Seton Hall will be holding its annual Petersheim Academic Exposition from Monday, April 20 to Saturday, April 25 in the Main Lounge of the University Center.
Additional presentations will also be held in the Chancellor’s Suite, Walsh Library, and Beck Rooms. The expo “is a university-wide event that celebrates the scholarly achievement of undergraduate and graduate students through the sights and sounds of academic knowledge and its application,” according to shu.edu.
It was founded by the late Dr. Matthew Petersheim, associate professor of chemistry at Seton Hall, who passed away in 1998.
“The Petersheim Exhibition is an annual celebration of scholarly and academic achievement done by undergraduate and graduate students” of all majors, said Brian Wreckler, vice president of the Dr. Martin Luther King, Jr. Scholarship Association at SHU and participant in the King-Mandela Symposium on Social Justice at the exposition.
Like many Seton Hall students, freshman Mohammad Badwan mistakenly believed that the event is open solely to science majors.
“I had no idea that anyone could participate,” he said. “I thought it was only for bio and chem majors.”
Raul Ausa Velazco, who has also presented in the King-Mandela Symposium on Global Justice, and will be involved with the Martin Luther King Jr. Scholarship Association at this year’s exposition, makes it clear that all students will have a chance to share their work: “While science and STEM students do make up a good portion of the presenters, and have much to contribute, the exposition is open to all students who might have ideas to share with the community,” Velazco said.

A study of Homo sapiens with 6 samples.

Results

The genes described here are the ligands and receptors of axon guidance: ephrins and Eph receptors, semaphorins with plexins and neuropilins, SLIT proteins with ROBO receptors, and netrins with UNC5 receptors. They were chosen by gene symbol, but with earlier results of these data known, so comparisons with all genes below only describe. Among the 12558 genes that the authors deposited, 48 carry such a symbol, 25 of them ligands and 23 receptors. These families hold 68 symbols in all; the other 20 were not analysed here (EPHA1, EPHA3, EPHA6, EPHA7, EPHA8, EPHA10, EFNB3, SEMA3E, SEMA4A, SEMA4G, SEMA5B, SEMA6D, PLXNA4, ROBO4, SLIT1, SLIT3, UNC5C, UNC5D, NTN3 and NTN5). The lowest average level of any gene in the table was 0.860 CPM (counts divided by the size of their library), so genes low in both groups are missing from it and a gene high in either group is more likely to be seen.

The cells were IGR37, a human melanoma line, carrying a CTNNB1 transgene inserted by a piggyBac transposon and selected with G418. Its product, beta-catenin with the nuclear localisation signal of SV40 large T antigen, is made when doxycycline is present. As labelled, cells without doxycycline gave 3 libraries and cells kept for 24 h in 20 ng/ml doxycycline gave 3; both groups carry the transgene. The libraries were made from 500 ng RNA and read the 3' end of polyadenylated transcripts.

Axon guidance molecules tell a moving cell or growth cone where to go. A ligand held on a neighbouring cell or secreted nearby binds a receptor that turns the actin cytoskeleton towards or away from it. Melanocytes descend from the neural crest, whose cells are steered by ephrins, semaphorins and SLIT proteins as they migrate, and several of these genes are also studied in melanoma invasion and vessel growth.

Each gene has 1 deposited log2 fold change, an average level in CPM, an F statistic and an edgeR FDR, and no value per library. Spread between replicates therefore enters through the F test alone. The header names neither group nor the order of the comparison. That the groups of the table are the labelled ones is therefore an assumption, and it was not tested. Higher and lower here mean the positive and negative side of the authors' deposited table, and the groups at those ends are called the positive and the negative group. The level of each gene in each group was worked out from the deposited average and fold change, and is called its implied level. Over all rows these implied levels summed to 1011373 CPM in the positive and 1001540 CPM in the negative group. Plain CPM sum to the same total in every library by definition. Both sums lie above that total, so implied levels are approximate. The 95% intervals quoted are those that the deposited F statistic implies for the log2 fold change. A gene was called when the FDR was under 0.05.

Rev. Forrest Pritchett, a freshman studies mentor, program director of the Martin Luther King Jr. Leadership Program, and committee member for the Petersheim Exposition, emphasized that it is an opportunity for Seton Hall to proudly “display the academic accomplishments of its students,” in much the same way that athletic achievements are highlighted.
Though it may seem intimidating to exhibit academic work to the SHU community at large, past and present participants have positive words about the experience.
“Last year I was privileged to help represent MLKSA in the expo by presenting an essay eulogy for the late Nelson Mandela, in whose honor we announced we would be establishing an annual symposium on social justice,” said Ausa Velazco.
He encouraged students to “take the opportunity to celebrate their accomplishments and interests and that of their peers on campus. There are so many great programs at SHU with bright students doing great things that we might not otherwise hear about.”
Wreckler also believes that students should take a chance at presenting about subjects that interest them and that they find important. Not only that, but at the exposition, “students have the power to steer the discussion, as opposed to being lectured in a classroom,” giving them more of a voice.
The application for presentations can be accessed at https:// setonhall.formstack.com/forms/ development_petersheim_application and is due by Friday, April 10. Any questions about the Petersheim Exposition can be sent to Dr. Jose Lopez at jose.lopez1@ shu.edu.
Noora Badwan can be reached at firstname.lastname@example.org.